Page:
Background Over the past ten years Amazon region has experienced multiple environmental changes including high rates of deforestation, and more frequent ‘once in a century’ extreme weather events. Despite this it is still not clear how these events effect food biodiversity, local diets and nutrition of Amazon Indigenous people. Information on food consumption is urgently needed, especially to identify key Amazonian Indigenous foods which may increase nutritional resilience to extreme climate events. Technological tools represent a potential feasible solution to measure diet for population studies. We have partnered with International researchers, local nutritionist, Indigenous leaders and community members to adapt a digital tool to support dietary measurement in Amazonian Indigenous communities.
Methods The adaptation had three stages. First working with an international multidisciplinary committee, we identified and compiled existing food composition databases to create a database for the Peruvian myfood24 version to use with communities of Shawi ethnicity. Seven food composition tables were identified, and permission was requested for two cases where information was not public. Six food composition tables, one academic publication and one peruvian report about amazon food species, were used for generating a food composition database. Second, using myfood24 guidelines, we completed a data base using Access software. This process involved cleaning and removing duplicate food items, including conversion values (from raw to cooked foods) and calculations for potential nutrient losses on cooking. We used a series of six online focus groups meetings with three peruvian nutritionists, including one nutritionist expert on the Shawi diet, to identify portions, and combinations. Finally, during a workshop with five local community members, a list of Shawi foods were validated, and food preparation was characterised to develop recipes and to take pictures for use in the online tool.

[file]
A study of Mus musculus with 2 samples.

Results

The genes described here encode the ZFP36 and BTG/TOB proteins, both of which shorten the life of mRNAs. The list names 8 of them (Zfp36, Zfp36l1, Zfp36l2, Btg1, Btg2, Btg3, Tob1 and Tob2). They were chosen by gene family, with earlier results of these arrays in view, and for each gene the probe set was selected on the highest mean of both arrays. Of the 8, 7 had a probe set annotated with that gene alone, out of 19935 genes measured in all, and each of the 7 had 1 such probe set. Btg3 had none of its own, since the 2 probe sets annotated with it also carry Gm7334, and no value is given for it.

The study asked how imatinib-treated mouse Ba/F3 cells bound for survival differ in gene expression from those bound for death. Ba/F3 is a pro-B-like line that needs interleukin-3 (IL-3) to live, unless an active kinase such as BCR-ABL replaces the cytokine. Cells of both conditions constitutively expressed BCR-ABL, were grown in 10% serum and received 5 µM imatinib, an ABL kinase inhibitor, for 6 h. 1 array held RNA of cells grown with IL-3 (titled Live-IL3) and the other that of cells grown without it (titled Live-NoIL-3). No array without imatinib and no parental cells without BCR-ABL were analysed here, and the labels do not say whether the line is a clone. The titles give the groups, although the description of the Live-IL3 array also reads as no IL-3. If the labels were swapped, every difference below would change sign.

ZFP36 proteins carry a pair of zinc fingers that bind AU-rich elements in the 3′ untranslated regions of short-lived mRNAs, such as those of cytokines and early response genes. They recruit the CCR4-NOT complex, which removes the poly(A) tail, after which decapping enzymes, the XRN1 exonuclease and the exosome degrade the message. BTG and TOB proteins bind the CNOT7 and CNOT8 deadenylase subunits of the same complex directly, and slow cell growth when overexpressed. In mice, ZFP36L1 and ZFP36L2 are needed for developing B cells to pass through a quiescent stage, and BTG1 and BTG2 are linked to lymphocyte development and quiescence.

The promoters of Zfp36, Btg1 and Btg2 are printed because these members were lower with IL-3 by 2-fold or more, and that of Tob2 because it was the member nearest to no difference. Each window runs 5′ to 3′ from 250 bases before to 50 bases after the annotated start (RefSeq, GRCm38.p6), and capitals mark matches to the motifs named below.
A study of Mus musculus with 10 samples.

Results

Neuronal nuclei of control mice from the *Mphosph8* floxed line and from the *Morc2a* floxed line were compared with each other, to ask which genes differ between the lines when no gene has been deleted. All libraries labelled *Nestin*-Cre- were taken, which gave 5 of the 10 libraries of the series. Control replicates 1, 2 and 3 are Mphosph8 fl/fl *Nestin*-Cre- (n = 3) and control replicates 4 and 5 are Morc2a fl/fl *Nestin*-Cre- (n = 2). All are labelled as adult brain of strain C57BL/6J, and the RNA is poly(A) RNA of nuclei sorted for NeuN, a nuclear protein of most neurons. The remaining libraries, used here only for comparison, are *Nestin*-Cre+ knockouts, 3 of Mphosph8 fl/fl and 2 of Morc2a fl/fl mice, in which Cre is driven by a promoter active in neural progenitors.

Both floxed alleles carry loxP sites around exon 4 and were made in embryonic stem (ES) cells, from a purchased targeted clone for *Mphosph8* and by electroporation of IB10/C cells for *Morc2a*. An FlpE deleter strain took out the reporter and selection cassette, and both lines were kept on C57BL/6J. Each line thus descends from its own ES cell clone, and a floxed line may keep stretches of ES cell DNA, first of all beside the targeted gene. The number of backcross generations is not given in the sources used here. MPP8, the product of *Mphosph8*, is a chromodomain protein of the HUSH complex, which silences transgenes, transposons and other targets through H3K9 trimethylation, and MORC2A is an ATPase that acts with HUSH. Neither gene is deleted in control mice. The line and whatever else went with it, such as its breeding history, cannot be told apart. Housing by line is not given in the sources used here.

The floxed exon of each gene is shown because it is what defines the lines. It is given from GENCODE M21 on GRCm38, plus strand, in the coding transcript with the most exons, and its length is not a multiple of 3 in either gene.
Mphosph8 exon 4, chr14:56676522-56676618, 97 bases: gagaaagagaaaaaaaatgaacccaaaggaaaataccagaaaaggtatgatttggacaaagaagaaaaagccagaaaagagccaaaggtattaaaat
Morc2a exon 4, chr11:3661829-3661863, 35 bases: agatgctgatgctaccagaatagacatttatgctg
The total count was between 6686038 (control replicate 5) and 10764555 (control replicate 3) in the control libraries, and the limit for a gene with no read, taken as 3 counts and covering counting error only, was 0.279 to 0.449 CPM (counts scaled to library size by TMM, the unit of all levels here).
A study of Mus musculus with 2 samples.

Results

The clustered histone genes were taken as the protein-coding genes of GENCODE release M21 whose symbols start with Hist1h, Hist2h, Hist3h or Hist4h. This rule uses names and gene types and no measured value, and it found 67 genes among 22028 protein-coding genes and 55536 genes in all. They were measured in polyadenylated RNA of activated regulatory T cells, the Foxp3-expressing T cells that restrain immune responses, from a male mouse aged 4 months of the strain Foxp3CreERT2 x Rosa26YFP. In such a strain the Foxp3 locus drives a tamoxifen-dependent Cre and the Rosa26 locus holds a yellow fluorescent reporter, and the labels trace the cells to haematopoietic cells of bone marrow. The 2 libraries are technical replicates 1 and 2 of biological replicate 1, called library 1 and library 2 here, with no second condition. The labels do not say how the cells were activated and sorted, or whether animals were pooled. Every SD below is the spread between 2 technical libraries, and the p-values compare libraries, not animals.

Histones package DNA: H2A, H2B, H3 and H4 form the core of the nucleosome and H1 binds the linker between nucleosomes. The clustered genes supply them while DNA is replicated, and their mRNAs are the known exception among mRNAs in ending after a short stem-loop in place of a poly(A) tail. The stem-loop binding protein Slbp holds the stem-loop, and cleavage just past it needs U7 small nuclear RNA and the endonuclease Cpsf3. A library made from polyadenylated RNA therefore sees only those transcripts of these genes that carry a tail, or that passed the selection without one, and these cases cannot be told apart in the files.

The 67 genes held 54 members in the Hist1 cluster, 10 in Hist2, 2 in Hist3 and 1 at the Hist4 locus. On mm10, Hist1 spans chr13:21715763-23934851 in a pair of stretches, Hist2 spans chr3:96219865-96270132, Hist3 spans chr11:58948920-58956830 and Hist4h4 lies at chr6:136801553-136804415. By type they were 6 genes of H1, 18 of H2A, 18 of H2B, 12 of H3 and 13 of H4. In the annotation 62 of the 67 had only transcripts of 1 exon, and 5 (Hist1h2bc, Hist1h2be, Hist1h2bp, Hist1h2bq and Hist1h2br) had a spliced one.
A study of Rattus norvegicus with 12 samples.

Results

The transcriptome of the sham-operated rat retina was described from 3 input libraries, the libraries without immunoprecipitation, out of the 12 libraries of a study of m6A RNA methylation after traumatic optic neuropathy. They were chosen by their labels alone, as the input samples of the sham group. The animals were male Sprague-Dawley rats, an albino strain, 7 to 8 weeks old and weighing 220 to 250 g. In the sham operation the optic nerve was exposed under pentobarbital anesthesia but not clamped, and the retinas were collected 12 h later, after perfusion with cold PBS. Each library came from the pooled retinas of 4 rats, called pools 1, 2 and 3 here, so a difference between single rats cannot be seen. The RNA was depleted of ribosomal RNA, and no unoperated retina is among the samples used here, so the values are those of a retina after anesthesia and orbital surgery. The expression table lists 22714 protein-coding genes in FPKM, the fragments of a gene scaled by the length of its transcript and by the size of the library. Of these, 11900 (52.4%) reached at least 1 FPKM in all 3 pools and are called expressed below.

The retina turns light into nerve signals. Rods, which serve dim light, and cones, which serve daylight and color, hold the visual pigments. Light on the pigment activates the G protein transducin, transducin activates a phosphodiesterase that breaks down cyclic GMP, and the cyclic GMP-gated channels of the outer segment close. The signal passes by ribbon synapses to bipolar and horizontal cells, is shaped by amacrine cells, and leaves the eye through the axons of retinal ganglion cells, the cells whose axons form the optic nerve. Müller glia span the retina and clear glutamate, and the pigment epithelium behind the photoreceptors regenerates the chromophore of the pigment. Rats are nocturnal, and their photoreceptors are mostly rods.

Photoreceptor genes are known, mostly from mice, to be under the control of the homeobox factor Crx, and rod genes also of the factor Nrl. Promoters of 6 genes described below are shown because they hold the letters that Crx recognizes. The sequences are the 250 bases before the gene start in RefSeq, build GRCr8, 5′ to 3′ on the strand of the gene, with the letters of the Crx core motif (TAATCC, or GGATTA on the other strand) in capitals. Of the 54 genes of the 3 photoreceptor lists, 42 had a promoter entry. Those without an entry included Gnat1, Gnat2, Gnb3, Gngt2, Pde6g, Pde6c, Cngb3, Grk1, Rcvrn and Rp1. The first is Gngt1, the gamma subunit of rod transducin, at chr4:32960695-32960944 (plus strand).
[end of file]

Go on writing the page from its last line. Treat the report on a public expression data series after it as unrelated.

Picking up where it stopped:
Results The peruvian food composition database to be used with the Shawi communities included a total of 1042 food items, with information for 14 key nutrients. These foods were split into fourteen food categories. Seventy-six possible options on how food is eaten together, and 43 portion measurements were validated in the focus groups. 114 food items were identified in the workshop as commonly consumed by Shawi, with five forest animal foods proving the highest level of iron per 100 g: palm larvae (3.6mg), armadillo (3.5mg), deer (3.5mg), paca (3.4mg) and agouti (3.4mg).
Conclusion A comprehensive Peruvian Food Composition Database with a focus on Shawi diet has been created. This data has been incorporated within the online dietary assessment tool, myfood24. A photo Album and recipes will be completed over the next weeks. The new tool with be useful to understand how food and nutrient intakes in this vulnerable population are affected by climate change events.
Statistics from Altmetric.com
If you wish to reuse any or all of this article please use the link below which will take you to the Copyright Clearance Center’s RightsLink service. You will be able to get a quick price and instant permission to reuse the content in many different ways.